Frank Quinlan


Class of 1999, Physics Major

Project Leader in the Time and Frequency Division at NIST

You can learn more about what Frank does by emailing him at

Q & A

I am in optics mostly. I would call it atomic molecular optical physics, or AMO physics. We have an active research lab and do a lot of fundamental research just like a university research group would. I have four graduate students from CU Boulder and one postdoc, so I’m not in the lab working directly with the lasers anymore. I miss it. Instead, I meet with the students to talk about how to move projects forward. Really, I do a lot of teaching and giving students experience in a lab. Everything we do, we publish. Students need papers to graduate so I try to make sure they have projects to publish, and travel to conferences to present their work.

The best part is working with the students and post-docs on projects where we don’t know how it will turn out. In fact, nobody knows how it’s going to turn out. With COVID, I was home so it’s nice being back in the office because I can just run to the lab quickly. Sometimes just to say “hey, what’s going on?”

We are building lasers whose frequencies are extremely stable that are then used to probe a very narrow atomic transition in an atom that forms the basis for an optical atomic clock. I am in the time and frequency division at NIST. Part of our mission is to maintain official US time. There is a lot of knowledge in our division about clocks and oscillators and traditionally those have all been microwave frequencies, but now we are moving into the optical domain. We have shifted up the electromagnetic spectrum and have to develop these clocks, lasers, and oscillators in the optical. The advantage of doing that is you get these much more precise measures of time. The frequency is much higher; if you divide a second much more finely, you can take advantage of that precision.

I’m sure everyone says Baca, but I think going to the Baca campus with Ed Langer’s astrophysics class sticks with me the most. Colorado College is very immersive, right? You’re doing one block at a time. It’s like immersive squared when you are at Baca. You just can’t escape it and if I think about those strong memories at CC it’s that immersive squared experience where you just get to hang out with the physics people you enjoy and a professor you want to chat with. You’re not just talking about astrophysics either, but all sorts of stuff with people whose brains are wired similarly to yours. It sticks with you.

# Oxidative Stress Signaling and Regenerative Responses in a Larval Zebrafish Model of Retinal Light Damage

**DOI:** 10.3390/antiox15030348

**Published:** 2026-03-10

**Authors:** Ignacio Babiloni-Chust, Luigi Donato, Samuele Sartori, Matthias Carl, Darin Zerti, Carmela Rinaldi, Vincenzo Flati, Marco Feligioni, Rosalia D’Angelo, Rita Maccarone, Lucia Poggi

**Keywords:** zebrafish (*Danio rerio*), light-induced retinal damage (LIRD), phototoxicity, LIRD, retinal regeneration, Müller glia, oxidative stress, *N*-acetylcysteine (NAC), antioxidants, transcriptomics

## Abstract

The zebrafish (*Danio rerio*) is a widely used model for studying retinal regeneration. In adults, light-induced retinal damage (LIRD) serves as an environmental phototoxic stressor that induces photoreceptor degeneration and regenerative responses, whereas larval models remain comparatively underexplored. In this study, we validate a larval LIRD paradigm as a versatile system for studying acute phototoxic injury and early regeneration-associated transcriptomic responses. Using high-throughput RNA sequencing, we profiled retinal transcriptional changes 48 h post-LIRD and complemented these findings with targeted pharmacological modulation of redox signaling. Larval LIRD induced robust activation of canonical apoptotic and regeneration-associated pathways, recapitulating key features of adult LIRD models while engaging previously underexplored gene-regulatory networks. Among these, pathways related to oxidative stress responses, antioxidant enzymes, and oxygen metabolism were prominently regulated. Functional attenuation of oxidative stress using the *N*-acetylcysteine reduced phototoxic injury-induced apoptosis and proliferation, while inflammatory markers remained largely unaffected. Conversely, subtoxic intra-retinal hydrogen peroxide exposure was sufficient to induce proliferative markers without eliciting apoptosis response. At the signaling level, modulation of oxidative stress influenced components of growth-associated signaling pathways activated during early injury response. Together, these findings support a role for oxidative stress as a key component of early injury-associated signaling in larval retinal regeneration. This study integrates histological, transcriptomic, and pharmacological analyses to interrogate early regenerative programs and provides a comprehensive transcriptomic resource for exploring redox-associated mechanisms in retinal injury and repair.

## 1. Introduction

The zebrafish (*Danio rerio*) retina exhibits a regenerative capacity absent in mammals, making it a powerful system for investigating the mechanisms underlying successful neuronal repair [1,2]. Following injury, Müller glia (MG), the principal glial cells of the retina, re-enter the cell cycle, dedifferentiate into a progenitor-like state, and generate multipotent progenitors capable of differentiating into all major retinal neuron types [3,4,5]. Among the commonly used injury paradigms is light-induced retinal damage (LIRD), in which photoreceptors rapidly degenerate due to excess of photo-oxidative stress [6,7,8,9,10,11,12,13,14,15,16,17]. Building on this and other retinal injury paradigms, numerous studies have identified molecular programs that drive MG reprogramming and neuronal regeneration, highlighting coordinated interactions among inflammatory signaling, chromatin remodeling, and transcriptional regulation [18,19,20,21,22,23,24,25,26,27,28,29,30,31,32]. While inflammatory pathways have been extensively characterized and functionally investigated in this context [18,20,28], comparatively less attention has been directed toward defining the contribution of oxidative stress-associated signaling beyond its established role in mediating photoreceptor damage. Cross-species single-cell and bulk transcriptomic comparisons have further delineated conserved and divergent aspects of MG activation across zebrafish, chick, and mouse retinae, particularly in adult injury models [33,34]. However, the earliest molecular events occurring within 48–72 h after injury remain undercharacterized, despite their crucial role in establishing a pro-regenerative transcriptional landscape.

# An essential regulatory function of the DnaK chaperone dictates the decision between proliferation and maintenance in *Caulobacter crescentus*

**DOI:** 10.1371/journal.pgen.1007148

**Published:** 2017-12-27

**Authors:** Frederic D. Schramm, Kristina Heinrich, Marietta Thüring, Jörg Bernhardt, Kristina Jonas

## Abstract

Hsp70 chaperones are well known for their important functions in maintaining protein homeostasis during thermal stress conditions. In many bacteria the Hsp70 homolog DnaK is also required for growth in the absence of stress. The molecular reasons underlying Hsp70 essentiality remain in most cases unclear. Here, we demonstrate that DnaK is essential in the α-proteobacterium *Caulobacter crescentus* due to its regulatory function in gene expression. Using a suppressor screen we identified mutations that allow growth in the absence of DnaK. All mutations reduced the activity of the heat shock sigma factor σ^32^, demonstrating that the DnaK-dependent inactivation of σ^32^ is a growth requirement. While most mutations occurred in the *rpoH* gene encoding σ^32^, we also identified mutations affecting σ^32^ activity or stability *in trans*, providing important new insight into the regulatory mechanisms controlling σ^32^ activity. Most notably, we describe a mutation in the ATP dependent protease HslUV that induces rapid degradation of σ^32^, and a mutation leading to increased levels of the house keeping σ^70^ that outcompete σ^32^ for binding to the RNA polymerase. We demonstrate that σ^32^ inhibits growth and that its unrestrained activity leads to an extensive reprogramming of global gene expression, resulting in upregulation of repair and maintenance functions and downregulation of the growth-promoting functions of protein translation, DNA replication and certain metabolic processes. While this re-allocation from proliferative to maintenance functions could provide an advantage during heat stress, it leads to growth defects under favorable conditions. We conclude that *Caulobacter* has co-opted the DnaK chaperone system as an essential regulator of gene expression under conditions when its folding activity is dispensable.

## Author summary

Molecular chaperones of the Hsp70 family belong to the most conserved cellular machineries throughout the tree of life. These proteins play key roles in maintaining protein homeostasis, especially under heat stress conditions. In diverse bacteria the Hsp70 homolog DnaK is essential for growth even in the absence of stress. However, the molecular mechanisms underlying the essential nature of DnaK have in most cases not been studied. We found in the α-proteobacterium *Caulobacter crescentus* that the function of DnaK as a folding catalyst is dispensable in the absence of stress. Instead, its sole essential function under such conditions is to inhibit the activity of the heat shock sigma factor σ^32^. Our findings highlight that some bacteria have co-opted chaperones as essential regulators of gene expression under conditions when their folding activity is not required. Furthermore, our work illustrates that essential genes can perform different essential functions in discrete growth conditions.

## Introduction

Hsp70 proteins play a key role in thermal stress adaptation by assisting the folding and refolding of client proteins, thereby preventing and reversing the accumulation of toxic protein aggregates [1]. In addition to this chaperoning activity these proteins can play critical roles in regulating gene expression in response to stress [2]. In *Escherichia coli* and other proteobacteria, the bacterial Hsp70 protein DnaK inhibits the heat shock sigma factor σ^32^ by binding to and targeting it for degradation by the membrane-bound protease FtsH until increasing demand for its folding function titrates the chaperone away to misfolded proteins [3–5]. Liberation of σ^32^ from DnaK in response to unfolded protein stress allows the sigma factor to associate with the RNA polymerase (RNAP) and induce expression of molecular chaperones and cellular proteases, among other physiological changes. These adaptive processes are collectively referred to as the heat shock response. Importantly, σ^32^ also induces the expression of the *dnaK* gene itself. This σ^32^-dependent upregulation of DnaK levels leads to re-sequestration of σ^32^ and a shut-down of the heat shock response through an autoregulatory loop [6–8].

Paraprof was where I first started in any kind of teaching mode and that I enjoyed. Now I teach graduate students. It was where I first started talking about my excitement in physics to other people. I was just starting to flip from being a student to being on the other side of it and helping students understand these interesting concepts.

I spent my last block before graduation at UC Santa Cruz. It was a collaboration with Ed Langer and folks in the astronomy department at UCSC. That was my first introduction to what grad students do all day because I got to be out there, work with the professor, hang out with the graduate students, and all that. One thing that I learned, and this is paraphrasing what Professor Langer said to me, was “at Colorado College you talk about things everybody knows. In graduate school, you talk about things that nobody knows.” And that always stuck with me. Later, I decided I didn’t want to teach high school anymore. It was because all I thought about was high school math problems. I decided I wanted to think about things nobody knew. So, I went to graduate school at the College of Optics and Photonics at the University of Central Florida in Orlando.